The Minister for Finance is to bring forward proposals to Government to gradually cap the interest rates that moneylenders can charge.
At present, moneylenders are allowed to charge interest rates with an Annual Percentage Rate (APR) of up to 187%.
Interest rate caps on moneylending are in place in 21 EU countries, including Germany, France and Italy.
Addressing the Oireachtas Committee on Finance, Public Expenditure and Reform, and Taoiseach this afternoon, Paschal Donohoe said the measure would be one of a number he will bring to cabinet shortly to address the issue of moneylender rates and to help modernise and enhance consumer protections in the industry.
Mr Donohoe said he is proposing that the caps be introduced gradually and responsibly and that the Minister for Finance will have the power to vary the interest rate caps in the future by regulation, taking account of appropriate factors and impacts.
These would include the viability of the moneylender sector and the potential impact on supply of a change.
Also to be taken into account would be the evolution of average interest rates and the potential impact on financial exclusion.
He said the regulations would only be made after the Minister has considered a report by regulator the Central Bank, that would assess the potential impact of reducing the caps.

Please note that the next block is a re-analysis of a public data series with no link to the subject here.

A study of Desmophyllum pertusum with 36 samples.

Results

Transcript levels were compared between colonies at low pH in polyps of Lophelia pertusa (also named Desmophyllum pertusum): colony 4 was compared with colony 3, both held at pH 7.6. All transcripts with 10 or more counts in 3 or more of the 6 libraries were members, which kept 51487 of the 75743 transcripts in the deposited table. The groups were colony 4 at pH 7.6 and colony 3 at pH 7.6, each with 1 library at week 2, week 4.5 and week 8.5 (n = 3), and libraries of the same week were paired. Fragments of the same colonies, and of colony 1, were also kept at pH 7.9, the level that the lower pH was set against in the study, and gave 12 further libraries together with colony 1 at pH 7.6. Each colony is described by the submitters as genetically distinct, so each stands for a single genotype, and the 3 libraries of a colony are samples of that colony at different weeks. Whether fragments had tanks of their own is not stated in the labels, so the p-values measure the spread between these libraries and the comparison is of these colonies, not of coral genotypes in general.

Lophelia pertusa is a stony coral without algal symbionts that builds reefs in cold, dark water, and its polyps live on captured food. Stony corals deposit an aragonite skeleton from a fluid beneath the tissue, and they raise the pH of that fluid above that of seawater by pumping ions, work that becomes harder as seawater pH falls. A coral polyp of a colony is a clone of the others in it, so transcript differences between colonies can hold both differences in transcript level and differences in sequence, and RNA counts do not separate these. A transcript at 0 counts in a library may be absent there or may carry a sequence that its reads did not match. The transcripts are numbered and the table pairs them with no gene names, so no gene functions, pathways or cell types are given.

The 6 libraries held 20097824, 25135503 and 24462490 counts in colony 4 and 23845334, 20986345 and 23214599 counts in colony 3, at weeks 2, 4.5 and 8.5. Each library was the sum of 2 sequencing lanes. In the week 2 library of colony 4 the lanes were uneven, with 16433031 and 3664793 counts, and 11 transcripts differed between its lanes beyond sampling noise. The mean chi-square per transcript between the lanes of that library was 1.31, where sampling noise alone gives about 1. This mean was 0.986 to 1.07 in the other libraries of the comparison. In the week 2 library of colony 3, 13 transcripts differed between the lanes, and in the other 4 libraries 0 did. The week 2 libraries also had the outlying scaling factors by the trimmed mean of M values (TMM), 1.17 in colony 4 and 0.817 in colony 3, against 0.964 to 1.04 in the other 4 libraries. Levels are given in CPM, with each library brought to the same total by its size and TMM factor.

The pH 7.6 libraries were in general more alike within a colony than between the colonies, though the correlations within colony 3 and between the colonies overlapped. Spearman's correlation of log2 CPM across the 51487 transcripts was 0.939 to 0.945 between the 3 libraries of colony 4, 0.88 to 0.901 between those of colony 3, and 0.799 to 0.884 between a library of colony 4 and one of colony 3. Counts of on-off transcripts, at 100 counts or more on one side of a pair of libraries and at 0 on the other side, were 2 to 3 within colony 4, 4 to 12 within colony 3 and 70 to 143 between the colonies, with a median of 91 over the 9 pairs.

Mr Donohoe added that an interest rate cap at the recommended limit would give the industry time to review their business practices and identify areas in which operational efficiencies can be achieved.
It would also allow time for the Central Bank to monitor the impact of the cap, to check that loan terms and amounts are not being manipulated in order for caps to be met and advise the Department of Finance of its findings.
The minister was speaking during a hearing on the Consumer Credit (Amendment) Bill 2018 – a private members Bill proposed by Sinn Fein’s Pearse Doherty.
It proposes a statutory cap of 36% on the APR that moneylenders could charge.
However, Mr Donohoe said he does not support the bill because an interest rate cap based only on APR is not considered the best approach, particularly for loans with a duration of one year or less.
He also said he is concerned at the proposal to reduce the APR to 36% as it may have an impact on the future provision of credit to people with a need for small amounts of accessible credit.